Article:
The Inspiration for David Nail’s Well Ravens
In a way, David Nail’s been ready to front a band since high school.
Now that he’s starting to release music and details about his band the Well Ravens, it’s all starting to make sense. After about a decade as a successful solo artist, Nail is switching gears and getting his official band together. But it’s not his first rodeo.
“Every year in high school, there was a talent show called the Mod Assembly,” Nail told me. “We’d get a band together. We had a drummer, then we’d recruit a guitar player, and I’d ask my dad to play bass or piano. And I’d sing most of the time. I remember doing ’God Blessed Texas’ one year, and ’Mustang Sally’ one year, and even ’Every Rose Has Its Thorn.’ If a song had more than three chords, we had to move on. But I always genuinely looked forward to the show, and I took it very seriously. When it came time to get onstage, I was all business. I was up there with purpose.
“I pray to the good Lord that that footage never comes out.”
The Well Ravens band might have never gotten off the ground if it wasn’t for the inevitable call Nail took from his record label about a year ago.
“It was like your first really significant relationship when you kind of know that the end is coming, and you’re both trying to avoid it. It was just really sad because it was the only life I knew. And it was tough for both sides,” he said. “There was never any animosity, never any bitterness.”
After asking himself all kinds of post-split questions — What the hell do I do now? Should I find a new label home? Do I even want that? — he spent some time with friends and collaborators and started heading in a different direction.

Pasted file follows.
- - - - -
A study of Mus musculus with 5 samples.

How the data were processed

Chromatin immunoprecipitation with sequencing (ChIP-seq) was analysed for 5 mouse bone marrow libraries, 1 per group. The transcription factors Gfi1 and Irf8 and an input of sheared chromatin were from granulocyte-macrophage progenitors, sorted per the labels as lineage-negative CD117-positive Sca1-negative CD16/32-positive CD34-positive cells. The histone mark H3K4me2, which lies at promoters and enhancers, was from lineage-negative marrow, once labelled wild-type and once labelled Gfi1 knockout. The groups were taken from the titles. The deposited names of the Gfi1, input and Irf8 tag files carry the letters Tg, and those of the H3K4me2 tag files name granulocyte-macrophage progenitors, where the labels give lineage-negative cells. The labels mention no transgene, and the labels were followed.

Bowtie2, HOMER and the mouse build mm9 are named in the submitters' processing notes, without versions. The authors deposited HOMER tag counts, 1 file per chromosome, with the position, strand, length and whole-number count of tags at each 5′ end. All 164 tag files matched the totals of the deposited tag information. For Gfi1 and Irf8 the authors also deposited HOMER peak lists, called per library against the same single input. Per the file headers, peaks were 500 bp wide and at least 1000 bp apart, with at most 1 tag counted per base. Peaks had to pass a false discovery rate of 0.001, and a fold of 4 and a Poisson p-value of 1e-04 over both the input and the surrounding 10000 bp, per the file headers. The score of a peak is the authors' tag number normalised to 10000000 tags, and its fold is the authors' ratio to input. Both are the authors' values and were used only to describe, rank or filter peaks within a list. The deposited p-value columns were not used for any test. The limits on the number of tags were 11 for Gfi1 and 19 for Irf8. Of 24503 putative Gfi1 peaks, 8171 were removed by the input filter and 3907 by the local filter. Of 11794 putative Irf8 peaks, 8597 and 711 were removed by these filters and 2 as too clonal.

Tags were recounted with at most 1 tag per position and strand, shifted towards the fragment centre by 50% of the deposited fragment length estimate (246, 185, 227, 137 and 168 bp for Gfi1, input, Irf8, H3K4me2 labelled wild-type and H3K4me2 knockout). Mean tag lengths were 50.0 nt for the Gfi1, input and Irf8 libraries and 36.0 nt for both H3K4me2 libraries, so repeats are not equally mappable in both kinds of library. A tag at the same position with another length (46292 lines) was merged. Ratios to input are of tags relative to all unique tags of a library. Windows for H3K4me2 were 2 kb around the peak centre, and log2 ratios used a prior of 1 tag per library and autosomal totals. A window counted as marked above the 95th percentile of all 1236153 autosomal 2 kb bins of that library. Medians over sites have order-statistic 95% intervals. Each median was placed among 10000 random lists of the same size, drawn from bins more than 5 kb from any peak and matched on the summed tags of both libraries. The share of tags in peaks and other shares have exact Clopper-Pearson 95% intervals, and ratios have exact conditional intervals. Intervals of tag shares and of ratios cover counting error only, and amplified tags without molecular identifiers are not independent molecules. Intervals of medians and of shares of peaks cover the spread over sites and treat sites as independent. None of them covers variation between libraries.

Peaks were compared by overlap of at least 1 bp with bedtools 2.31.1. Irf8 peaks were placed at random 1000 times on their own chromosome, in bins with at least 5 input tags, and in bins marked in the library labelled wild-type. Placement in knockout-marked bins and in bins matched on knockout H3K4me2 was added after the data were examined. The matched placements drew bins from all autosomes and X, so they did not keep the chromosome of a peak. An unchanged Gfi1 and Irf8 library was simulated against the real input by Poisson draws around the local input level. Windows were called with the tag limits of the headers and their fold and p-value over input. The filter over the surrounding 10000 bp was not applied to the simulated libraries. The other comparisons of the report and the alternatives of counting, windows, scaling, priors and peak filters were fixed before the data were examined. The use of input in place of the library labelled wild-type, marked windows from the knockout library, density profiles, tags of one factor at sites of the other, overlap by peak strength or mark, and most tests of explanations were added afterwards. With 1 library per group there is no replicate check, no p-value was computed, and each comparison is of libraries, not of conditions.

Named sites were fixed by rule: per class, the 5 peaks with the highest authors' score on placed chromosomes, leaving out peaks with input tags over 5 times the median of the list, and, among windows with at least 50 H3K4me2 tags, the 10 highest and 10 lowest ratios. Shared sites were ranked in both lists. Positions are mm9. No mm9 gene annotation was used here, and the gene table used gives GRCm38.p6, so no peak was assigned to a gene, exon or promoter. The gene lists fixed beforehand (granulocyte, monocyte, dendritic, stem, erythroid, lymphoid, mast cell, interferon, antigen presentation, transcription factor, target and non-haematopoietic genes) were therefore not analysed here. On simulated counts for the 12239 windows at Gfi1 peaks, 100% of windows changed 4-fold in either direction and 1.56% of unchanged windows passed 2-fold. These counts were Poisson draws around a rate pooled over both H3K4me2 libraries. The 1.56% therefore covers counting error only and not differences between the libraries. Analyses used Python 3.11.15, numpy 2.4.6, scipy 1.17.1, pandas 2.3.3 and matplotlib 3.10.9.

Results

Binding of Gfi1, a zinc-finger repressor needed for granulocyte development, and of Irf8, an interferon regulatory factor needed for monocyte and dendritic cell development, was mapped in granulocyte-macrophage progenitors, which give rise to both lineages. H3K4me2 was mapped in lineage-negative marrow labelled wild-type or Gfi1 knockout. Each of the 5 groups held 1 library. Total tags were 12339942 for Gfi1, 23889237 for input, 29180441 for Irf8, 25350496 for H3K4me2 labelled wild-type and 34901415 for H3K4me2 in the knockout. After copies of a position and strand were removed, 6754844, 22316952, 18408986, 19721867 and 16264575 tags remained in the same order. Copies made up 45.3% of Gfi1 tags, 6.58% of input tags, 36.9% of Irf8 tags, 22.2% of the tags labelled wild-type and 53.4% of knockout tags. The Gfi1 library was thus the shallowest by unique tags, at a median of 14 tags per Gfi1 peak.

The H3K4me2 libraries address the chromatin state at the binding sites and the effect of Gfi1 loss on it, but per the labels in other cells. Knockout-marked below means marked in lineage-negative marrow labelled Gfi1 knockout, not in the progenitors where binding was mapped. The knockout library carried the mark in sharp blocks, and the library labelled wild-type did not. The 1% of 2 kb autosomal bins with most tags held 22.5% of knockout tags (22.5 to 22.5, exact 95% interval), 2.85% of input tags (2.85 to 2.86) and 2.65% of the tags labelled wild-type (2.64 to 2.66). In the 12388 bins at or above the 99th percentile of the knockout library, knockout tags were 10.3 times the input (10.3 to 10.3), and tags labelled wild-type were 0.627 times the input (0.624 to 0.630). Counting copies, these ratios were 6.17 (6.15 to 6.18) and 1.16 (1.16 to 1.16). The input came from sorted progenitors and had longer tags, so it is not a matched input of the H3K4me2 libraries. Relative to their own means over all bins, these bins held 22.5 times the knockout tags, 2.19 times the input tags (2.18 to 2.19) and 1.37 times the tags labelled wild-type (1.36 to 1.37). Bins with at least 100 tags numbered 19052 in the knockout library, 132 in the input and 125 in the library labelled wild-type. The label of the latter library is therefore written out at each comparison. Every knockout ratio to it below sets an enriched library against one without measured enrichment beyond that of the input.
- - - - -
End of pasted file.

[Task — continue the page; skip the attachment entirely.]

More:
“This started in such a pure place. When you first start in this business, you talk about doing this all the time: recording an album with your band. That’s how this took shape. All those things we’d played around with on the road, and stuff that was much different than the music I’d been making. It feels like this sharp turn is a good progression for us.
“Once we started this,” Nail said, “we knew this was the ‘What’s Next.’”
Looking back at all his time in Nashville, Nail recalled that he’s always been a team guy. “Even back when I first moved here, and was trying to start my solo career, I always used the word ‘we.’ Because so many people are part of the process. My name alone is on the marquee, and I felt uncomfortable with it being just my name,” he said, adding that there is no ‘I’ in team.
The Well Ravens’ first song “Heavy” may be a departure from his earlier albums, and it may not be as country as his older cuts, but it’s still Nail’s distinctive voice. The one that his fans have been waiting to hear since his last album was released two years ago.
Nail credits his father with teaching him to be a part of something bigger than himself. He said he started following his dad — the local high school band director in his hometown of Kennett, Mo. — around when he was just five years old.
It’s his father’s quiet and unwavering love of music that led Nail to pen “Old Man’s Symphony” and record it for his last studio album Fighter.
“I just followed in his footsteps. I learned by watching him. My dad played a huge role without ever being vocal about it. It’s a huge moment to let your kid go chase a crazy dream,” he said, “to turn your kid loose.”
Nail’s next tour stop is July 20 in Ohio.